Last week Quartz uncovered that "hookup" app Tinder exposed the physical locations of users. What's more, the breach lasted two weeks, a significant step up from the "few hours" the company's chief executive initially claimed.

(Albert Gea/Reuters)

Tinder's bug is the latest in a long stream of privacy snafus from apps designed to help users spice up their love lives. A vulnerability in Grindr, the king of all gay male hookup apps, and its less popular straight counterpart Blendr left users vulnerable to their accounts being hijacked. This exposed users to impersonation and the risk of a bad guy snooping through their (possibly explicit) text and photo messages. Lately Grindr has been hit with another problem: Porn spambots.

Last winter it was discovered that image sharing app Snapchat, popular among a certain crowd for sending sexts with an expiration time, stored copies of received messages on a device's memory. That means potentially compromising shots sent over the app could be accessed even after their supposed self destruct time. Of course, recipients could take a screenshot or a photo of their screen.

OkCupid's Crazy Blind Date app launched with a vulnerability that allowed technically adept users to find the birthdays and e-mail addresses of users via the program's API, although it was fixed within hours, and OkCupid said at the time they saw no evidence anyone was exploiting the glitch.

Unfortunately, other issues arising from mobile apps have had far less innocuous results. Last summer The New York Times's Bits blog reported three men were accused of raping children they met through the mobile flirting app Skout. The app already ran a "more protected" service for minors before the assaults, but banned children from the app altogether in the aftermath.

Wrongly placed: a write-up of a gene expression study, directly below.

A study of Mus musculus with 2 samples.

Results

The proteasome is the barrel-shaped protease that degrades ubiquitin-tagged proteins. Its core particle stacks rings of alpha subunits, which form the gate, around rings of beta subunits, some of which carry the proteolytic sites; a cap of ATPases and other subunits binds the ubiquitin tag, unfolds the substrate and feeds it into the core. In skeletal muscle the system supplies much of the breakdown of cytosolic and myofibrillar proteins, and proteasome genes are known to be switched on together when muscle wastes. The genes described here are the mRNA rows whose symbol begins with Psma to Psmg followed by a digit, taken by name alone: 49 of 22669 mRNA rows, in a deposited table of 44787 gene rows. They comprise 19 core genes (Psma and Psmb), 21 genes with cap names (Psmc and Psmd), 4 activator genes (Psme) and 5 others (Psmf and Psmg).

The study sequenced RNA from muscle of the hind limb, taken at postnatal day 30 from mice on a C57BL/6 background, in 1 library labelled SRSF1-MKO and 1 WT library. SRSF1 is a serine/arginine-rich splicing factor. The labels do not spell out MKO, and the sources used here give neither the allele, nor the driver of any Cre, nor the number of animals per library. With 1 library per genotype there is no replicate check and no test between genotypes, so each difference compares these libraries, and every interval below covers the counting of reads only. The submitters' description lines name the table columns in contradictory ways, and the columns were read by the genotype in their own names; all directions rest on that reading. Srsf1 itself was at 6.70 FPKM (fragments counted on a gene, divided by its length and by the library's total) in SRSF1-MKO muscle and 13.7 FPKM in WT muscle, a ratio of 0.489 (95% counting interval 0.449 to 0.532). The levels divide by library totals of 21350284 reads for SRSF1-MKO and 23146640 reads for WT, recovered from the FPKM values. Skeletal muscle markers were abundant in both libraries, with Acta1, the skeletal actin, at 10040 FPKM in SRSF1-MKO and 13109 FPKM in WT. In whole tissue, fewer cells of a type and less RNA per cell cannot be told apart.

All of these narratives combine to give hookup apps a pretty sketchy reputation. And there's certainly something to that: People trust incredibly personal data to these programs, so when they have sub par security measures, there is more at risk.

But while the data held by hookup apps is particularly sensitive, their promiscuous use of users' data isn't unique to the category. Most free apps derive value from users by collecting data about them or serving them targeted adds. Remember when Jay-Z wanted to know all about you?

That's why a Federal Trade Commission (FTC) report from earlier this year showed 57 percent of all American app users have "either uninstalled an app over concerns about having to share their personal information, or declined to install an app in the first place for similar reasons" while less than a third of them feel like they are "in control of their personal information on their mobile devices."

App developers and advertisers are aware of this issue, and just wrapped up a multi-stakeholder process with the National Telecommunications & Information Administration to set out clear expectations for mobile advertising and data collection. But some consumer advocates are wary the agreement will give consumers any meaningful control over their information.

Mobile malware is also an emerging threat that should cause most smartphone owners, especially Android users, some alarm. According to Cisco's last annual security report, there was an 2,577 percent increase in Android malware encounters over 2012. While only a tiny amount (0.5 percent) of 2012 malware encounters were on mobile devices, some 95 percent of them were on Android.

So, yes, you should be careful what information you share with hookup apps. But you should also be careful about the information you share with all mobile apps.